My old blind cat Sweetie died at the age of 20-something. I don’t know what that is in human years, exactly, but recently I’ve thought of her as 106.
For the past couple of years, my home office has been a kitty nursing home, with her litter box and food bowl at one end, the rug folded and put away to save it from her accidents. It often did not smell very good, so I stopped using the day bed in there.
First thing in the morning and first thing when I got home from work I fed her the smelly soft food that was all she could eat. I scooped her poop a lot, to keep the smell bearable. These were the sacrifices I made for her. I felt that taking care of her in her old age was my duty, and I obscurely felt that if I did this for her, someday someone might treat me well, if and when I get very, very old.
Her fur was like a chinchilla’s–a fluffy dark gray undercoat like soft goose down, with a silky smooth overcoat. Stroking her was a pleasurable and sensuous experience when she was younger, although for the past few years it was more like stroking a fur-covered skeleton. You felt how fragile she was when you touched her. Getting herself stroked and petted was her absolute favorite thing in the world, and she never got enough of it.
Her persistence was an awesome thing to behold, and it served her well when her blindness came upon her. It was easy to forget her, because she slept nineteen hours a day. When she woke up and the need to be fed or petted entered her head, she was obsessed with connecting with the person who would respond to her: me.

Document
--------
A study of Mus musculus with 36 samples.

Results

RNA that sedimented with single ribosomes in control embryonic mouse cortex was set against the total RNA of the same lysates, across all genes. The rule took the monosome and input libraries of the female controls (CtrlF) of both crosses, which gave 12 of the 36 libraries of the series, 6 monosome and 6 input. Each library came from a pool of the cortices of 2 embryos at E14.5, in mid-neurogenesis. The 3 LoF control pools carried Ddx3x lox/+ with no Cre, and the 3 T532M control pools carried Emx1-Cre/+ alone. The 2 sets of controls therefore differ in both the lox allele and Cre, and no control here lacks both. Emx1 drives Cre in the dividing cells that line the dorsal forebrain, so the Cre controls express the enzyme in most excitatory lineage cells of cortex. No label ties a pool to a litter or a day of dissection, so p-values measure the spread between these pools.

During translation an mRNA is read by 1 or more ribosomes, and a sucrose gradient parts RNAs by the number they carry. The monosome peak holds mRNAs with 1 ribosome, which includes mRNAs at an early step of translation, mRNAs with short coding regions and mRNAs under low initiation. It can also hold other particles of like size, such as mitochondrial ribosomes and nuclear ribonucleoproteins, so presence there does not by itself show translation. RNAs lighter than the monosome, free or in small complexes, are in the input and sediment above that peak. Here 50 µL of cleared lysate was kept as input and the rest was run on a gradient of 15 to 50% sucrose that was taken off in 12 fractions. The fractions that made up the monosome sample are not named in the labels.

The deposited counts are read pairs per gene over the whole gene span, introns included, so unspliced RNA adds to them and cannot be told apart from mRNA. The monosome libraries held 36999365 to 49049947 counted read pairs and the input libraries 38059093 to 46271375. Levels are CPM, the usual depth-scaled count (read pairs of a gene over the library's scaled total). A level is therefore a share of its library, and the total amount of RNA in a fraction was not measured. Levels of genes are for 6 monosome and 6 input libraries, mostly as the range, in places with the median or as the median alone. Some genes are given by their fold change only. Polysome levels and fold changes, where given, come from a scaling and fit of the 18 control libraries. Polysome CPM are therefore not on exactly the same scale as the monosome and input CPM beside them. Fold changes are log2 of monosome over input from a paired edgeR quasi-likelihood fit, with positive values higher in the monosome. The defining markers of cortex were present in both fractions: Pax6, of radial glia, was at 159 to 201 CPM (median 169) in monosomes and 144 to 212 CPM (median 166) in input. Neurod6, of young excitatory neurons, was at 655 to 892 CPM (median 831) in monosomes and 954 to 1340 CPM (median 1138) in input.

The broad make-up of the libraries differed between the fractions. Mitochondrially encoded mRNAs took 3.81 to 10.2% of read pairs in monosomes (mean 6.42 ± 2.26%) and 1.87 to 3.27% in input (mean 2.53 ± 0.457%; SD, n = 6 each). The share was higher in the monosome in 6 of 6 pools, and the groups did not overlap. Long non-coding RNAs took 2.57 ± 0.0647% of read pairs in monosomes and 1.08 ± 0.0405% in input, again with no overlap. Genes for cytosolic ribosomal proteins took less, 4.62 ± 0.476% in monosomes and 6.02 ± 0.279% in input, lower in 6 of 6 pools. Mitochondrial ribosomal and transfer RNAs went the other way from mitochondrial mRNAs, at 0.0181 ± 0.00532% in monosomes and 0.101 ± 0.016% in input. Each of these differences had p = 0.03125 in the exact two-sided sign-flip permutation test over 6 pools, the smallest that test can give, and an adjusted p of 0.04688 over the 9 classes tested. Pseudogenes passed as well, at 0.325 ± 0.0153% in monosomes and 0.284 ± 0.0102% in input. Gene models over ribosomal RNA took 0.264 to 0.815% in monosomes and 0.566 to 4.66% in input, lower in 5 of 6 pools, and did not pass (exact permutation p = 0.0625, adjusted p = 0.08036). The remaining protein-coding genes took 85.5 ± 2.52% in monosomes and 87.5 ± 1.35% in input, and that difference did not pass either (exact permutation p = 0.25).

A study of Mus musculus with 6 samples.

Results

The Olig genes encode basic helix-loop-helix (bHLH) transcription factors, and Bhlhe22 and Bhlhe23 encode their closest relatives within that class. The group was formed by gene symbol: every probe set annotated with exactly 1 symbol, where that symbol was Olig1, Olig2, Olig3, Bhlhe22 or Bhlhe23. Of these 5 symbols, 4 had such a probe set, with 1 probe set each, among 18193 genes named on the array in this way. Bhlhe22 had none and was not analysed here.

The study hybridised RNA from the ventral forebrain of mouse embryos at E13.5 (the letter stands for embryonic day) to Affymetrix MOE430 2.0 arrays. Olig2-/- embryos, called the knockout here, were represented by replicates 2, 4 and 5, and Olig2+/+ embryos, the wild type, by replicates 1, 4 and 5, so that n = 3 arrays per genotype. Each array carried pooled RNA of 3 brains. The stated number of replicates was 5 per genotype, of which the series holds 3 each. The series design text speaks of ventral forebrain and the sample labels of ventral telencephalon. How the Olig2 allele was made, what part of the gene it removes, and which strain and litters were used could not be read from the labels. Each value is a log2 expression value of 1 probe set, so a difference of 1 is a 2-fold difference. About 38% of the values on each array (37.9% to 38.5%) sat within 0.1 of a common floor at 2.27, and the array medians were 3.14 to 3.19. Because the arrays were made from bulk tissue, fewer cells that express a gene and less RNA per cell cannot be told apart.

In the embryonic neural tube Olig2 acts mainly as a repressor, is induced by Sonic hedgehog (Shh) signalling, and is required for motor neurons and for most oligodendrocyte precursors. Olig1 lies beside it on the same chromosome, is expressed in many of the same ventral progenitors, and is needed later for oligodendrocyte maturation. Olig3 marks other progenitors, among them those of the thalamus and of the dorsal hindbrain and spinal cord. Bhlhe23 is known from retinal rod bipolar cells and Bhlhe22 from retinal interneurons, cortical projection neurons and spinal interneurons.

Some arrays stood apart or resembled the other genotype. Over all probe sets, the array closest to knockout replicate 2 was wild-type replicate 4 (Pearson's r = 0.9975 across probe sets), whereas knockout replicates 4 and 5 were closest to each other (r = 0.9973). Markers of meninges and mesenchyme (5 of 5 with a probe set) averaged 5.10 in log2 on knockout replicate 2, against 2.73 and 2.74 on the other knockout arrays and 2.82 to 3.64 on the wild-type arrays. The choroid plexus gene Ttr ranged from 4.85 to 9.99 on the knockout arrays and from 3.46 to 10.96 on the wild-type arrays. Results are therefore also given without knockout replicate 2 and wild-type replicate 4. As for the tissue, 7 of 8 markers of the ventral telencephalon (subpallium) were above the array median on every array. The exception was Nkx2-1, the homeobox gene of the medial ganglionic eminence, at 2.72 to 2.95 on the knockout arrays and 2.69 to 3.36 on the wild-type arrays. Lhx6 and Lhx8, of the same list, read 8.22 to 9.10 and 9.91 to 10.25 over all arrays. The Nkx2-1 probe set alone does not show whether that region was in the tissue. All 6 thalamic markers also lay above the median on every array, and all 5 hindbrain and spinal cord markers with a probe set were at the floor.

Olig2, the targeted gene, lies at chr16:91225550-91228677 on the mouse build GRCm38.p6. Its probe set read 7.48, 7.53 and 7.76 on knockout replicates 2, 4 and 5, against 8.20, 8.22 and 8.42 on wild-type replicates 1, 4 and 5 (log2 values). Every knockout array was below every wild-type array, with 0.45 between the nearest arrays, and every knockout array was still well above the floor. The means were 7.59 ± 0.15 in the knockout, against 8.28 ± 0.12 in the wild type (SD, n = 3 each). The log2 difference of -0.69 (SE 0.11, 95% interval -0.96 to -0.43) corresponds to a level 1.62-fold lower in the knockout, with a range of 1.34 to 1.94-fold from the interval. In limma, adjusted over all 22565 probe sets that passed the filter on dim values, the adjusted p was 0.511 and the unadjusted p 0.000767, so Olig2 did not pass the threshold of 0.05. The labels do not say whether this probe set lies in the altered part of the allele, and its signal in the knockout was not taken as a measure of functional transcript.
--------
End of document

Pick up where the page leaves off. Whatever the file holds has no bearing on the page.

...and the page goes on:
In her darkness, she mapped her territory, which consisted of my office, the hallway, the bathroom, and our bedroom. After a couple of embarrassing incidents where she bumped the flat top of her head into walls and furniture, she learned to walk slowly, relying on her whiskers and other senses to warn her of an obstacle. Over the last few years, she lost the ability to fully withdraw her claws, so you could hear her click-click down the hall as she searched for you.
Her courage was impressive. Until the day she died, she still managed to scramble up onto the day bed in my office and the tall king-size bed in our bedroom. This feat is the equivalent of me scaling a 15-foot wall at the age of 106. That in itself was a formidable expression of pure, white-hot will. But it was the spectacle of watching her jump off the bed, with aplomb, that inspired awe at her resolution.
She would very slowly approach the edge, bracing herself on her incredibly skinny haunches. When she was quite sure she had located the edge, she would walk her paws a few inches down the side, tilting until her bony ass was higher than her shoulders. Finally she’d make up her mind and tumble off, landing with a thump. The jolt did not appear to bother her too much, or maybe she was just stoical about it.
I imagine myself, a 106-year-old great-grandmother jumping off the top of that 15-foot wall, into total blackness, not knowing if somebody has left stuff on the floor where I’m about to land. To paraphrase E.B.White’s Charlotte, that was “Some cat!”
The day Sweetie died it was obvious that she was failing. We made her comfortable, told her she was a good girl, and petted her a lot. We buried her in the back yard, wrapped in one of my old cotton t-shirts.
I’m very glad I took her outside a few times this summer, so I have a memory of her lying in the grass, radiating pleasure and contentment.
Yes, I cried. And now, I still expect to hear her click-clicking as she hunts for me in the mornings and when I get home. But I am also enjoying the full use of my office again, and freedom from smelly food and litter chores. This makes me think, a lot, about life and death, because, as far as I can tell, we feel exactly the same mixture of grief and relief after a loved person who has been ill for a long time dies.